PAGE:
My funny stomach and morning sickness didn't present on the departure day. Maybe I was too excited to feel it. Since we were in the airport, I could eat a cheese dog with chops of onion. I usually could not even smell onion without feeling sick (during this early pregnancy). But on that day, I could eat onion, Japanese omelet, and chicken bulgogi without puking. Psychosomatic? Maybe. Craving different kind of food? Maybe.
We flew from Nagoya to Incheon, South Korea for two hours. And then Incheon to Denpasar another six hours. South Korea looks like an interesting place from the airport. Less organized, less aware people. How would you explain what could be in these people's minds when they stood in front of that "flat-non-escalate escalator you find in airports (that allows you to come faster instead of walking)" talking to a friend, while people lining up behind them? So, these people, maybe a family- a mother, a father, and children, stood there, talking to a man, in the very middle of this thing, not moving, while people were standing behind them, wanting to pass them but they couldn't. We were two of these people. And we didn't have so much time to wait for them to finish their conversation. We had to board the plane in like five minutes before. So we decided not to use it, and instead, walking.
Being in three countries in one day, made my brain crazy. When we arrived in Korea, somehow I realized that Koreans speak English better than Japanese people. So I wasn't surprised to hear flawless English spoken by the flight attendants and also airport officers, however, I always failed to say "Kamsahamnida" and kept saying "Arigatou" instead. And when we submitted our boarding passes, Joe gave also his passport, the officer said, "We don't need passports," I thought "Hey, is he Singaporean?" I don't know why I had that thought.
Korean Air's service is good, overall. They had wine on the plane. Thanks to my seven-week pregnancy, I could not drink it, while Joe had two glasses. :( But thank God I could still eat chicken, because their chicken bulgogi was delicious.
Just before the plane was about to arrive in Bali, I waited to use to bathroom. When the bathroom door was finally opened, this lady came out, she said to me "Toiree pepa nai desu" (no toilet paper). For a second I could not decide how to answer. My brain was confused, I think. This was over Bali island, I am not Japanese and I don't think I look like one, and this plane departed from Incheon, not somewhere in Japan. And because my brain was crazy once again and seemed to work too late, I said "It's ok. Daijobu desu." (In fact, I didn't need a toilet paper, I was only going to fix my lipstick.) Maybe that lady's brain worked crazily too, like mine, so she kept speaking Japanese even though the possibility of the passengers' nationalities were varied.
Selamat Datang Di Bali
That's what I said to ourselves, "Welcome to Bali." Oh that sweet scent of flowers and incense, the beautiful carvings on the walls. And soon as we arrived in Bali, this sense of disorganizing was all over again: I knew where the lines for foreign tourists were, but I didn't know where the lines or just the line for Indonesians were or was. So I waited for Joe to pay his Visa On Arrival fee, and we had these custom declaration papers we filled in, but in the paper it says that "You only need one for one family," so we didn't know what to do. Should we in line together and where, or separated and where is my line? So I asked one of the officers there and explain, but instead of having the answer, I got "Do you need a help?" Ah, no no. I know what this means. So I said, "No, I'm okay, I just want to know where I must go." So this officer said, "Well then, it doesn't matter. Here or there is the same." So I asked another officer. He is older. And he pointed a direction where I had to go. So, I decided to wait for Joe to finish his turn, then I would go to my line. But Joe's line was too long, and the officer I talked to at first, escorted the people in that line to the other line, which was beside a line for Indonesians, the line I had to go. So I came to this "Indonesian passport" line, and talked to an officer there, explained about the custom declaration paper. My purpose was to ask where could Joe stand in. And these officer said "Ah, come in." He let Joe stand in "Indonesian passport" line, together with me. So I submitted my passport, my arrival card, and the officer on the desk then asked for Joe's. And he asked me, "Your husband?" I said, "Yes." And then after giving a stamp, he let us go. So I asked again about the custom declaration paper. He said, "That's in the baggage inspection." So, actually, in the right order, I should have been in that line I was in, Joe should have been in his own line, still! Because these immigration lines have nothing to do with custom declaration papers! Ah, then why the officers let Joe line up with me and save another hour of our time? I don't know but I was glad.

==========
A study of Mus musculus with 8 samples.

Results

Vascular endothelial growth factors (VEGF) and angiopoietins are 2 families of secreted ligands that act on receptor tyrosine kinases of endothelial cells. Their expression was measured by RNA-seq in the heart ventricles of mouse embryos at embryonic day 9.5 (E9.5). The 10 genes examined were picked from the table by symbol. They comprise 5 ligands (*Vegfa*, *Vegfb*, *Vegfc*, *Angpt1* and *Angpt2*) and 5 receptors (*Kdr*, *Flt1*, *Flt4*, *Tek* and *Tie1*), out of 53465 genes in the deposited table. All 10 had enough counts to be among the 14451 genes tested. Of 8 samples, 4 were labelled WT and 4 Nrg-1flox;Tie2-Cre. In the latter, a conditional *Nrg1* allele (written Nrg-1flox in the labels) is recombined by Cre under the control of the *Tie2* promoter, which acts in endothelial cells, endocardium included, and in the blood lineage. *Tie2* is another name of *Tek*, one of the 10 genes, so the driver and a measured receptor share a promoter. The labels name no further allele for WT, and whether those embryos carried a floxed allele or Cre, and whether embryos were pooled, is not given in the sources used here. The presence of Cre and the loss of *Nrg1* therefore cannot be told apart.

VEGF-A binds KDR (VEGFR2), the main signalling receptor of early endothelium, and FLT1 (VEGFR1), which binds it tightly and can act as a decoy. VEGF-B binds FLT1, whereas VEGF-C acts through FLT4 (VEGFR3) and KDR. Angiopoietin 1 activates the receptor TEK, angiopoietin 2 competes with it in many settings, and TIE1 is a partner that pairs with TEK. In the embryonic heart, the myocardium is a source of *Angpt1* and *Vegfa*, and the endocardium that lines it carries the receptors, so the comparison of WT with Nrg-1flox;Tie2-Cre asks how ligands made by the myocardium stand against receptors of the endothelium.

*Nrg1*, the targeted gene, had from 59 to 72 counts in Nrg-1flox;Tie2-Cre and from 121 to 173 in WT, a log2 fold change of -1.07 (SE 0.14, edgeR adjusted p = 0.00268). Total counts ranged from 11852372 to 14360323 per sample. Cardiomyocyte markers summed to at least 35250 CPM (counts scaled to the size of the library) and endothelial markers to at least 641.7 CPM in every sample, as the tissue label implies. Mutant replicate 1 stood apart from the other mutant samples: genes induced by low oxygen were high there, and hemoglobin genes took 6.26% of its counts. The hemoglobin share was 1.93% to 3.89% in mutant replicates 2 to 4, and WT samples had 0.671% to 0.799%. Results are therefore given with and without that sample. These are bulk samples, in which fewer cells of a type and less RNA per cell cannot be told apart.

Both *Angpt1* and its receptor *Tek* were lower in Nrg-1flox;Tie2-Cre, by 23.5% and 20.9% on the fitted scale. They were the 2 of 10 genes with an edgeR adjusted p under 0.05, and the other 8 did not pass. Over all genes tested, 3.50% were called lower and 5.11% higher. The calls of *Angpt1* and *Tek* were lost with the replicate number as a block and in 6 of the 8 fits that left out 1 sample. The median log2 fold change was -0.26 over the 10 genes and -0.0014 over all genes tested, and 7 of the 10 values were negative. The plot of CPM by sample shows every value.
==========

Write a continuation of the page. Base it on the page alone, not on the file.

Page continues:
Surviving the arrival gate, we had to take a taxi. The taxi service was closed, or so the taxi drivers said. So this taxi driver offered us a service. He said that his rate is the same. So I wanted to hear his rate to Double Six, the area we are staying. He said "Eighty thousand rupiah," I said "That's not the rate. Seventy thousand," which should have been sixty thousand. My fault. But, at least, we weren't too much ripped off.
We arrived at Tune Hotel between 1.30 and 2 am, and this security guard helped us. Later I knew his name sounds like "Vincent", but spelled as "Finsen".
This hotel we are staying in, Tune Hotel, belongs to Tune Hotels chain. We pay IDR 68,000 or equals to 700 yen, or USD 7 per night. Crazy? I know. They don't have the bullshits you don't need in the room. It's fine for us. It is meant for savvy travelers. However, would be nice if they cleaned the bathroom wall a bit and fix the save deposit box.